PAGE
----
This is part of the book “Stéphane Foucart et les néonicotinoïdes. The World and disinformation 1“, where I present the reasoning developed by the journalist in the corpus. What is said in this chapter is my view on what the journalist writes. All quotes are translated (by me), except the ones marked between [ ] in the french version (french quotes are to numerous to be marked in this one).
This damage is all the more appalling as it would be unnecessary on the one hand because it is not useful for the crops and on the other hand because there are alternatives. Their use would in fact result from the “paradox of the red queen” and from the structural problems of the agricultural model of which the farmers would be captive.
David Goulson showed the lack of correlation between NNI use and yields in a review published in the “Journal of Applied Ecology, comparing yields (rapeseed and wheat) depending on the amount of NNI used.” (13)
The Center for Food Safety (CFS), an environmental NGO, would have “systematically examined the scientific literature” and in 2014 only found 4 studies showing gains in yields, against 19 studies finding an absent or insignificant gain (Stevens, Sarand et Jenkins, 2014). (20) m(40)
The ban on 3 NNI and fipronil has reportedly resulted in above-average, if not much above, harvests. (20) Bonmatin (Lexmond et al., 2015) observed, through the review of 200 publications, that NNIs “have only marginal or no use”. This would be due to the systemic and preventive dimension of NNIs. The targeted pests would be present on only a small part (4% in the example he takes) of the areas. In addition, their diffusion in the environment would encourage the emergence of resistance. (40)
NNIs should be banned all the more as “viable non-chemical alternatives exist”. (23) There would be alternatives “such as crop rotation, the use of biological control (resorting to natural predators of pests, etc.)”. (40) This was notably demonstrated in Italy in a study conducted by Lorenzo Furlan. He created a mutual fund fulfilling the same crop insurance role as NNIs. It brought together farmers representing nearly 50,000 hectares, each contributing 3 to 5 € / hectare, ie 7 to 10 times less than the said pesticides. (37) (40) (46) ANSES itself found in 78% of cases of use of NNI at least one non-chemical alternative solution and in 89% of cases of alternative pesticides. (46) The viability of these alternatives and the usefulness of NNIs would become clear from the fact that organic beets would have been little or little affected by the aphid (and therefore jaundice) infestation of spring 2020. (63)
The whole agro-industrial model is at stake: the yields of field crops have tended to stagnate since the beginning of the 1990s (and even earlier for rapeseed and sunflower, which have plateaued respectively since the 1980s and 1970s. ). (27) In fact, the innovations would preserve the yields which decrease because of the damage caused by the previous innovations. This is the paradox of the Red Queen:
“In reality, the dominant agricultural model seems subject to the paradox of the Red Queen. In a famous scene from Lewis Caroll’s book Beyond the Looking Glass, the Red Queen explains to Alice that in the world she has landed in, you have to keep accelerating to stay still. Agriculture is embroiled in a similar frenetic race to stand still. As time passes, each new innovation produces ever weaker beneficial effects and ever greater damage, which are in turn corrected by other innovations, also coming with their externalities… As a result, returns only stagnate at the cost of endless chemical and technical escalation.” (27)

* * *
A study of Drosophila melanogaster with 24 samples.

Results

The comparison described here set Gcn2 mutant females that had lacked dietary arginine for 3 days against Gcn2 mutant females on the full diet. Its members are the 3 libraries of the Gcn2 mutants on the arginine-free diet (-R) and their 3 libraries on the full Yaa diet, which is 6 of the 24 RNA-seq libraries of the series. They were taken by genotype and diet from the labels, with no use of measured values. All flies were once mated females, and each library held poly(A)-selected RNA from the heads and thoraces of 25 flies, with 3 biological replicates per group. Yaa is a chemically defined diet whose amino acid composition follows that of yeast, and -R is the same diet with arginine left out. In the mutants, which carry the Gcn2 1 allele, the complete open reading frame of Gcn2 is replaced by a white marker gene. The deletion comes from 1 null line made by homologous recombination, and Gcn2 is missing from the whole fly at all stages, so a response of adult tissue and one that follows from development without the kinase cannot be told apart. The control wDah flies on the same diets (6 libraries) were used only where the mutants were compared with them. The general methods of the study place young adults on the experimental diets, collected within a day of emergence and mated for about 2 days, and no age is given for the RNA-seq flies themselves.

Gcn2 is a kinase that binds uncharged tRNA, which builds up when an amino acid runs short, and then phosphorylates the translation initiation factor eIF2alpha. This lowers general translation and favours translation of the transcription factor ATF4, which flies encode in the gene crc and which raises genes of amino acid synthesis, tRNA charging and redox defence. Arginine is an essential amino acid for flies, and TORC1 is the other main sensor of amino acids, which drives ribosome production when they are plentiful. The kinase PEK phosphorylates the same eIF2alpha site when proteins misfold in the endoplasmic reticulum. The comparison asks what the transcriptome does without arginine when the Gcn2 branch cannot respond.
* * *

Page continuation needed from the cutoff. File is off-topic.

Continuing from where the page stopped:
This would be all the more perverse as the farmers would not even have a choice:
“It has become very difficult for them to obtain seeds that are not coated with pesticides – the content of which they do not necessarily know. Today, the cooperatives, to which three quarters of them belong, sell 70% of the seeds presented as real “guarantees all risks” and dictate their way of proceeding. “Farmers depend on cooperatives and cooperatives depend on pesticides,” said the UNAF.” (36)
They would also be influenced by consulting companies, which would be encouraged to recommend the use of pesticides:
“In Italy, the companies that provide technical advice to farmers are also those that sell them pesticides,” replies Lorenzo Furlan. And we constantly tell them that they will lose their harvest if they do not use these products…” The same observation holds true for France: all the parliamentary reports on the subject highlight this institutional conflict of interest which leads to mechanically upwards the use of phytosanitary products.” (37)
“The reason is a structural conflict of interest: technical advice to farmers is provided by those who sell them the pesticide treatments, Mr. Bonmatin summarizes. If this advice were provided by independent agronomists, the situation would be very different.” (40)
Only the agrochemical industry would emerge a winner from this fool’s game…
- Lexmond, Maarten Bijleveld van, Jean-Marc Bonmatin, Dave Goulson, and Dominique A. Noome. “Worldwide Integrated Assessment on Systemic Pesticides.” Environmental Science and Pollution Research 22, no. 1 (January 1, 2015): 1–4. https://doi.org/10.1007/s11356-014-3220-1.
- Stevens, Sarah, and Peter Jenkins. “Heavy Costs: Weighing the Value of Neonicotinoid Insecticides in Agriculture.” Center for Food Safety, 2014. https://www.centerforfoodsafety.org/reports/2999/heavy-costs-weighing-the-value-of-neonicotinoid-insecticides-in-agriculture.